The Beths on their new album and the secret behind their addictive pop-rock

Publish Date
Thursday, 9 August 2018, 3:48PM
Mason Fairey

Mason Fairey

By: George Fenwick

"I'm getting homesick," Elizabeth Stokes tells me over a fragile phone line from a small town in Spain. Because we have a mutual friend - my brother - who works at Whammy Bar, we've been talking about the Karangahape Rd institution where Stokes' band The Beths regularly hangs out.

Stokes is in Spain with the rest of The Beths following their European tour; after their last show in Barcelona, they retreated to Chelva, a small mountain village where friend and fellow Kiwi musician Scott Mannion lives. "I'm doing some writing," says Stokes. "I haven't really put more thought into it than that. I just haven't done as much writing lately with touring, and everything."

"Everything" might allude to The Beths' debut album Future Me Hates Me, which finally arrives tomorrow. The four-piece started working on the songs at the end of 2016, and recorded it over the course of last year at bandmate Jonathan Pearce's studio on K Road.

"Like everyone in New Zealand, if you're in a band, everyone's got a job, so we were just kind of making it whenever we could get round to it," says Stokes. "It took a while."

When I ask Stokes and Pearce what Future Me Hates Me might be about, Stokes replies: "I should have come up with an answer to this question by now. The songs aren't completely unrelated, but the thing that draws them together is, I guess, that I wrote them during two years in my mid-20s, and maybe that is interesting? I don't know."

It is. Stokes' songwriting is extraordinary; each Beths song races along with an infectious energy and searing wit. But Stokes also keeps things grounded, her narratives often referencing the mundane details of everyday life – she'll as happily sing about heartbreak as she will about putting the bins out.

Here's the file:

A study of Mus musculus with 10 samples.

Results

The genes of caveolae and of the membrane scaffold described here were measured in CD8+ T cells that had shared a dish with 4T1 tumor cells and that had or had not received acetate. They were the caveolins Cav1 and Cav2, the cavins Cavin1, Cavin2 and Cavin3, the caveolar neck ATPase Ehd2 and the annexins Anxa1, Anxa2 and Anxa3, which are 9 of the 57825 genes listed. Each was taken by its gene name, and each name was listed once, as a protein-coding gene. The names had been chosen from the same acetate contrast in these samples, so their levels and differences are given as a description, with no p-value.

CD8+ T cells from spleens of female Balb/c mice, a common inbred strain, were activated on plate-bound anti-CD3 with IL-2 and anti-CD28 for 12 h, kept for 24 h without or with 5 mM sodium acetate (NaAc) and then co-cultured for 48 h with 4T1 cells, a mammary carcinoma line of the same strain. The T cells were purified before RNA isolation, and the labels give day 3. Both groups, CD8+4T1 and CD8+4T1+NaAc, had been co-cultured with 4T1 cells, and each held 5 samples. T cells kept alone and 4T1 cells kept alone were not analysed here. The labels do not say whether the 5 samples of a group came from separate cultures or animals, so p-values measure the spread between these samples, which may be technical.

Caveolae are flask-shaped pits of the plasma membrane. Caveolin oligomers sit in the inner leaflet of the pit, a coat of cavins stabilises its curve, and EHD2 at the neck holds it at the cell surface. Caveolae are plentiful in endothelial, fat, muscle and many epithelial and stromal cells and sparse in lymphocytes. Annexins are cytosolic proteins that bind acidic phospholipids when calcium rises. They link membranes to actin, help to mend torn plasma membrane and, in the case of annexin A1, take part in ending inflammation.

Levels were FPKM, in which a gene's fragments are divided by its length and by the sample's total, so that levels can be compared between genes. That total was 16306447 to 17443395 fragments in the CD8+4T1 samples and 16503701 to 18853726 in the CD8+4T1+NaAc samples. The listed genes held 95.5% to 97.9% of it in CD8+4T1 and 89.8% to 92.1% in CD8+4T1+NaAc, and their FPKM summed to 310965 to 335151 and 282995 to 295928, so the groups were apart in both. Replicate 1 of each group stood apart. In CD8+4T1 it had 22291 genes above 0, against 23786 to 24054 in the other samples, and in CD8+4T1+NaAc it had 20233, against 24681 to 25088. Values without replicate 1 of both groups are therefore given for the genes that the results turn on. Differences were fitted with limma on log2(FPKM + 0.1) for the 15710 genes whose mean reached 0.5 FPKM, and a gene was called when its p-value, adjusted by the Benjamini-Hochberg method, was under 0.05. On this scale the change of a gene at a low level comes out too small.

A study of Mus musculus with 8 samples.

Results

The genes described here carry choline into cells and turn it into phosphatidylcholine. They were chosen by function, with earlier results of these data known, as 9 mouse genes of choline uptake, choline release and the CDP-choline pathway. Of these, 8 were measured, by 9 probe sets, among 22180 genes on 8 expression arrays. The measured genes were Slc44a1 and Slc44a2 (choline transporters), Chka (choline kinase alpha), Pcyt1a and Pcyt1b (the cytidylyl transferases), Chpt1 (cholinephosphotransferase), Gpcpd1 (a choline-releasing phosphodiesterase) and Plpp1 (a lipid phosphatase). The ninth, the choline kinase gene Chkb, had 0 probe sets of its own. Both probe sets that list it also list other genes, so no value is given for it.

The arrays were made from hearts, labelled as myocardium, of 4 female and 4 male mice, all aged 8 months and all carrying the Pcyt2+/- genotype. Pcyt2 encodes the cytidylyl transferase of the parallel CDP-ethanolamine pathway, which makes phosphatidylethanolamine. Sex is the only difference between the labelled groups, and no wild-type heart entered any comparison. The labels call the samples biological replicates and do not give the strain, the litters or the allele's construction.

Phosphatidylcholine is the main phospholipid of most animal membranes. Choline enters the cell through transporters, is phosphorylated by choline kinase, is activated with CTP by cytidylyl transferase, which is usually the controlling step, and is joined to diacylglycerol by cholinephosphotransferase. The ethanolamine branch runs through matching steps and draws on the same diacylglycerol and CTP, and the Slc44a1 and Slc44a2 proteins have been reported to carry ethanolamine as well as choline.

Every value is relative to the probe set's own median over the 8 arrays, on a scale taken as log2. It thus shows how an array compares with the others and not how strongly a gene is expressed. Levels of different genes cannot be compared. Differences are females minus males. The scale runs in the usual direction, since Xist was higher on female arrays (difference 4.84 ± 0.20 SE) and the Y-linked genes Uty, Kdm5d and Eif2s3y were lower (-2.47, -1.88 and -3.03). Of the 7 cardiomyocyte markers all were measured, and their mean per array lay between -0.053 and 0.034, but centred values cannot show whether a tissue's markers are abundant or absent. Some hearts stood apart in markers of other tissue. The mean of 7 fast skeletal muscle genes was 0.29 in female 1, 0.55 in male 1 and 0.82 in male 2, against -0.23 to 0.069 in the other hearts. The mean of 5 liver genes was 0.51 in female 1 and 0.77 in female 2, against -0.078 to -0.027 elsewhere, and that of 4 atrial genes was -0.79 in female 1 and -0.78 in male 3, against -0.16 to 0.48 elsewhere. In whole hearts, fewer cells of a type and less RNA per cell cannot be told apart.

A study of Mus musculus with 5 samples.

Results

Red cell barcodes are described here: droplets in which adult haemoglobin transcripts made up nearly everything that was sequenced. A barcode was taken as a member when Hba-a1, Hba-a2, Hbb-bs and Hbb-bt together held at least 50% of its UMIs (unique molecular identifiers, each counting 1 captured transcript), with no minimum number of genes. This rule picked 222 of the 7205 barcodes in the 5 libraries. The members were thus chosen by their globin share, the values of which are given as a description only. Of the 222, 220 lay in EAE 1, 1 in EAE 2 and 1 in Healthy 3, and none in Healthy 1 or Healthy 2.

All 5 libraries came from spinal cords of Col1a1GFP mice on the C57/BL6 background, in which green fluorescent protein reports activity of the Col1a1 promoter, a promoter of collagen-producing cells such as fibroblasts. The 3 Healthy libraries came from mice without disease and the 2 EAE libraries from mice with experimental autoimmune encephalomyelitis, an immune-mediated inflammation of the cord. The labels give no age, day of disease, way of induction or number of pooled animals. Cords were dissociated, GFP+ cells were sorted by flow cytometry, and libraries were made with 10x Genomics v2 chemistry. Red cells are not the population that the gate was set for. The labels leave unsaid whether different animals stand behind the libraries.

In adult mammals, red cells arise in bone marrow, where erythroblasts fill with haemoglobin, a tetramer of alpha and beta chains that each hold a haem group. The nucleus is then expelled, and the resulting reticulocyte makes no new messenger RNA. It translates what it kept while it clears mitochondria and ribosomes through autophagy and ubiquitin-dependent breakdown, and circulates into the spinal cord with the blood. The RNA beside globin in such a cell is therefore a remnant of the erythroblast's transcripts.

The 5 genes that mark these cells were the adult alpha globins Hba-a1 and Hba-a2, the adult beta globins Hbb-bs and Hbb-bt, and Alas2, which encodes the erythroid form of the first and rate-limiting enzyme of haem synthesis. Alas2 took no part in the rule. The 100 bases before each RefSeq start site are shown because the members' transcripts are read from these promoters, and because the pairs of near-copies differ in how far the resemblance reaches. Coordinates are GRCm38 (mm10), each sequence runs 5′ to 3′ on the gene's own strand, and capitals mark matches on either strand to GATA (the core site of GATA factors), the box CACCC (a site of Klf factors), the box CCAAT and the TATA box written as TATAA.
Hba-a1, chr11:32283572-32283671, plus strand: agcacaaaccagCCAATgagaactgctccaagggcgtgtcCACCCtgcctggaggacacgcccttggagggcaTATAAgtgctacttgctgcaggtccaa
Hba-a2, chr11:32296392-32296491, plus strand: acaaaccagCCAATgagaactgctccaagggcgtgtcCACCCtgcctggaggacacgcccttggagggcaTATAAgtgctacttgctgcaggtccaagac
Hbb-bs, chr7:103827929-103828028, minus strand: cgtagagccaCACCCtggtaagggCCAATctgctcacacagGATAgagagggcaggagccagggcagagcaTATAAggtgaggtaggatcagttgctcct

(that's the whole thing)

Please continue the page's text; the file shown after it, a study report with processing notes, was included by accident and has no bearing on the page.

"I tend to keep things really general," she says. "But you can strike a balance. When it's a little bit vague, and somebody listens to it, they're not thinking about you, they're thinking about them. Which I think is good. But also, people aren't that vague – you can get quite specific and still connect with more people I suppose. I think details are important and relatable."

Pearce agrees; "I think it's much more interesting to say, 'I cried in the kitchen', rather than 'I cried and I cried'."

"Yeah," says Stokes. "Maybe it's like word painting, but taking a real emotion and putting it in a physical place, rather than a hypothetical one."

Future Me Hates Me's Silver Scroll-shortlisted single of the same name is a perfect introduction to Stokes' songwriting. It's a spiralling internal dialogue of someone initially backing away from love for fear of getting burned – but eventually surrendering to the chaos.

"People aren't so one dimensional that when they think about something they're like, 'well, I shouldn't do this', and then just leave it at that," says Stokes. "You always think all the way around, and from the top, and underneath, and you're doing it all simultaneously when you're dealing with anything.

"You can see your own decision-making get worn down over the course of something," she continues. "I like the story of, 'it won't happen again...' and then, 'it probably won't happen again'. I just thought that was really funny to put in a song. There is an ellipsis, and a reply to yourself."

The Beths are slated to play The Others Way festival at the end of August and say they'll have some New Zealand tour dates coming up later this year. Stokes says she loves playing live – partially because there's little room for the awkwardness of conversation.

"I feel more comfortable on stage than going offstage afterward and having normal conversations," she says. "I'm pretty shy. Because you know the rules on stage, but when you go offstage you're like, 'oh no, where's the structure?' I don't know what I'm going to be doing for the next four and a half minutes."

This article was first published on nzherald.co.nz and is republished here with permission.